There are days when remnants of my earlier exciting careers show up in the newspapers. Sometimes it’s a tidbit, or an obit. But sometimes the news is significant.
This past week two men I met, separately, while I was in my second career (legal amanuensis) appeared in the news. (For the full stories about my encounters with each man and my observations about them, you’ll have to wait until my collection of essays, “If Nobody’s There I’ll Talk to Anybody,” is published.)
First, Sandy Rubenstein. A Rape Claim Has Put Sandy Rubenstein on the Edge of Disgrace – NYTimes.com. Alan Feuer writes:
Over the course of one week in early October, Sanford A. Rubenstein appeared on the front page of The New York Post four days in a row. It was a lot — even for him.
Mr. Rubenstein, a civil rights lawyer who has handled some of New York’s most explosive cases of police brutality over the years, has been featured so often on the city’s tabloid covers that some have joked he owns a time share there. But this run of publicity was different. The noisy headlines in 180-point type did not describe him as what he had been for decades: a man who fought the police on behalf of victims’ families. They described him as what he had become: a man accused of rape.
I met Sandy when he and the lawyers I worked for became co-counsels for Abner Louima. My personal characterization of Sandy would contradict at least one statement in Mr. Feuer’s paragraphs. But, well, you know − see above, re “If Nobody’s There.”
Later in his article, Mr. Feuer inserted a couple of paragraphs and a quote from a highly respected civil rights lawyer, Richard Emery, who offered a dryly understated opinion, with which I concur:
[Rubenstein’s legal] approach, which essentially applies personal-injury tactics to brutality cases, has earned him criticism from colleagues with a broader mind-set.
“There are some attorneys who do actual, substantial civil rights work; then there are others who take profits,” said Richard Emery, the chairman of the Civilian Complaint Review Board and a lawyer whose lawsuits have forced New York to halt the practice of strip-searching inmates on Rikers Island. “I put Rubenstein in the latter group.”
Mr. Emery and others acknowledged that financial compensation is a standard practice that does benefit individual families; nonetheless, they condemned Mr. Rubenstein as lacking vision, having an unseemly style and relying too heavily on money as a means of redress, especially when some of it goes to him.
Second, Jeffrey Sterling. Judge sets deadline for James Risen subpoena – POLITICO.com. Josh Gerstein writes:
A federal judge is giving Attorney General Eric Holder one week to decide whether to press forward with the Justice Department’s years-long effort to force New York Times reporter James Risen to testify against one of his alleged sources for reporting about a CIA effort to undermine Iran’s nuclear program.
U.S. District Court Judge Leonie Brinkema issued an order Tuesday telling DOJ that it’s time to make a call on whether Risen will be called as a prosecution witness when ex-Central Intelligence Agency officer Jeffrey Sterling goes on trial next month in Alexandria, Va. on charges of disclosing national defense information without authorization.
The Nation presented a crisp summary of Jeffrey Sterling’s case against his former employer, the CIA, and his current situation as a defendant. Here’s that section of the Nation’s article by Norman Solomon and Marcy Wheeler:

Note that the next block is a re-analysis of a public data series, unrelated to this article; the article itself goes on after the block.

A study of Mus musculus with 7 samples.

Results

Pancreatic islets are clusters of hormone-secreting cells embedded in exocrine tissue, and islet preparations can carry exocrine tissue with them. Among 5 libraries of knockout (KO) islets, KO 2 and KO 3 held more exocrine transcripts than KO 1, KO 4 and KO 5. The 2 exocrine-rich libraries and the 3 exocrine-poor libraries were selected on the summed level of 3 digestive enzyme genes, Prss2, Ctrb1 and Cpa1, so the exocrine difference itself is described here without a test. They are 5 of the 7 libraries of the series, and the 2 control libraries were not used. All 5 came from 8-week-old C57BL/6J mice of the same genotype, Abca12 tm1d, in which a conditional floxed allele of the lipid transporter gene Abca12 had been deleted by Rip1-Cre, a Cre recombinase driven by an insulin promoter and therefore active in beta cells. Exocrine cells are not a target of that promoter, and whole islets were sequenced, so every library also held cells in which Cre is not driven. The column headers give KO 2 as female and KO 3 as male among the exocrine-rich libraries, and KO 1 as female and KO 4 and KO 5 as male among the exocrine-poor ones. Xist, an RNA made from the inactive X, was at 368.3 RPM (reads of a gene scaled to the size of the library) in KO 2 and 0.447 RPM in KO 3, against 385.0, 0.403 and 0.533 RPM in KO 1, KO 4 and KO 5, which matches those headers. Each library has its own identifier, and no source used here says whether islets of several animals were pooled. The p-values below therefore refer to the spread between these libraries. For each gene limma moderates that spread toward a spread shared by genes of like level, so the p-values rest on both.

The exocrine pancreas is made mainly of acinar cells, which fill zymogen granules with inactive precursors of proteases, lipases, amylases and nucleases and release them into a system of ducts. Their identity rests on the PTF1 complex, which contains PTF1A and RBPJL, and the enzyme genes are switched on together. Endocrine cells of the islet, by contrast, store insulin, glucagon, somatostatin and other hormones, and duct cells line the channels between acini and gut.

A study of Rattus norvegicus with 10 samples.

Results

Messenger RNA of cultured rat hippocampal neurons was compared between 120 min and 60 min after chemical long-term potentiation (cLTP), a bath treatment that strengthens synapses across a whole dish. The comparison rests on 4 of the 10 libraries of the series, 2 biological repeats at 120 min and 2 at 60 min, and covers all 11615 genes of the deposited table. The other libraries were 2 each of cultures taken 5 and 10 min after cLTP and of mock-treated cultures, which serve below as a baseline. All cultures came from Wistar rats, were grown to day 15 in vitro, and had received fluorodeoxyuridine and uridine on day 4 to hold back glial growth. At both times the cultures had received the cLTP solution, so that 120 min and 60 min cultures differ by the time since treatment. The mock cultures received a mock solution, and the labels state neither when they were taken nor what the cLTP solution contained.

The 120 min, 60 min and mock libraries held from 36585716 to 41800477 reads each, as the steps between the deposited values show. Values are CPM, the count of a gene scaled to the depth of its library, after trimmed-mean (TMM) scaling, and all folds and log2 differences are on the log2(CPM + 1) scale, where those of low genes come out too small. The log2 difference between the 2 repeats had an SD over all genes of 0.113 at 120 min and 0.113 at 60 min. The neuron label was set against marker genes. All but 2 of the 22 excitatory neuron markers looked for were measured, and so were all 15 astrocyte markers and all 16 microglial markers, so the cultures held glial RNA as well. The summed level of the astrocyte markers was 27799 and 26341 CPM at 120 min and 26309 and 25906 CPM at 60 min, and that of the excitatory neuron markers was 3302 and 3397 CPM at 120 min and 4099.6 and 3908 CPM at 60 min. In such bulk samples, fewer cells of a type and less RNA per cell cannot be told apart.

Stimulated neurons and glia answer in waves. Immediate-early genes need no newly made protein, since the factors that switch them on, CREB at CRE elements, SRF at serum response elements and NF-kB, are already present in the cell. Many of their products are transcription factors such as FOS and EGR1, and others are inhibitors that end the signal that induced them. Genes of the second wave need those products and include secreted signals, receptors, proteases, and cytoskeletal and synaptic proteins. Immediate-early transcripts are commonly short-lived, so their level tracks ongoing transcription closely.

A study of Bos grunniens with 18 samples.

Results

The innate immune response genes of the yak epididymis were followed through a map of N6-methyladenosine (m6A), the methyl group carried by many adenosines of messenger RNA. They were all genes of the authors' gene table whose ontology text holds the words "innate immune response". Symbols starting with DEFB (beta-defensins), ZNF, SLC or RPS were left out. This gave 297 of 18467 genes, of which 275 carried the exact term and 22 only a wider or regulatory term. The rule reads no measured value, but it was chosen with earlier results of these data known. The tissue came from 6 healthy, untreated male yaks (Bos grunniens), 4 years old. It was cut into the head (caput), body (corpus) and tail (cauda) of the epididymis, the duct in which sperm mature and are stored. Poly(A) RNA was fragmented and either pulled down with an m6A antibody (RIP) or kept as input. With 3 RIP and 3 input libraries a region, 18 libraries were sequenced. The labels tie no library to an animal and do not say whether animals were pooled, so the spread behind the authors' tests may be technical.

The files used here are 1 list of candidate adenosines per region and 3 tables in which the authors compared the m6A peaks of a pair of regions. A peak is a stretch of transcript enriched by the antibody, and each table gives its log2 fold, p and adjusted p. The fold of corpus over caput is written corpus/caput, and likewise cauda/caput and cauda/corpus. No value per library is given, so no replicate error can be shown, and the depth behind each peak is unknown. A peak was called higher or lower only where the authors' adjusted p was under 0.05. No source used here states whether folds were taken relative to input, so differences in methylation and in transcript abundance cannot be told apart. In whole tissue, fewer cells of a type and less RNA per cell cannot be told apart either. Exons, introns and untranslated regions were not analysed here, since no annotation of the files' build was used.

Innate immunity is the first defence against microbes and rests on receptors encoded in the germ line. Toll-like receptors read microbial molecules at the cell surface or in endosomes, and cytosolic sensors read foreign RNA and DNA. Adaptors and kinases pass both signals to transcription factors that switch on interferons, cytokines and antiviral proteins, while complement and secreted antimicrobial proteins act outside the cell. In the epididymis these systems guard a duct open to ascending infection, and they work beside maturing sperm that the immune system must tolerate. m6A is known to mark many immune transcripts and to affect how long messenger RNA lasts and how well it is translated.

As for Sterling, Brennan played a role in his unhappy departure from the CIA a dozen years ago. In 2000, Sterling filed a discrimination complaint within the agency, asserting that he had been denied certain assignments because of his race. (Sterling was one of the CIA’s few African-American officers.) Brennan, as deputy executive director, was involved in rejecting Sterling’s claim. Sterling responded by suing the CIA; he was fired in 2002. The CIA rebuffed a number of settlement offers and then won dismissal of the entire lawsuit in 2004 after claiming that the litigation would expose state secrets.
In early March 2003, Sterling met with two Senate Intelligence Committee staffers to report that Operation Merlin—the CIA’s ill-conceived and bungled effort in 2000 to use a former Russian scientist to pass flawed nuclear-weapons blueprints to Iran—may have helped Iran’s nuclear ambitions. The government concedes that Sterling went through proper channels when he “disclosed classified information” to committee staff. (In court documents, the prosecution has complained that Sterling was unfairly critical of that operation when he spoke to committee staffers.)
Around 2000, Jeffrey Sterling came to the law office where I worked, to ask if the firm would take on his case against the CIA. None of the partners was there that day. I chatted with Sterling for a while, as he paced around in front of my desk, telling me about his situation.
I believe I collected whatever information he had and passed it on to one of the guys. I think that one of the partners contacted Mr. Sterling after that visit, but I don’t remember what, if any, decision was made about his case.
I await an authoritative history of the CIA that will confirm or disprove my strong impression that the Company, as it is called, has engaged primarily in misadventures and failed and disastrous missions since it morphed from the OSS.
In part, I developed this impression from a dark and brilliant 2007 TNT dramatized fact mini-series called The Company. Although I’d forgotten the cast, I did not forget the overall message: the CIA, for whatever reasons, is incompetent at its intelligence gathering and interpretation mission, and an utter fuck-up in its actions.
So the Nation’s description of Operation Merlin as an “ill-conceived and bungled effort” fits into my view of the CIA.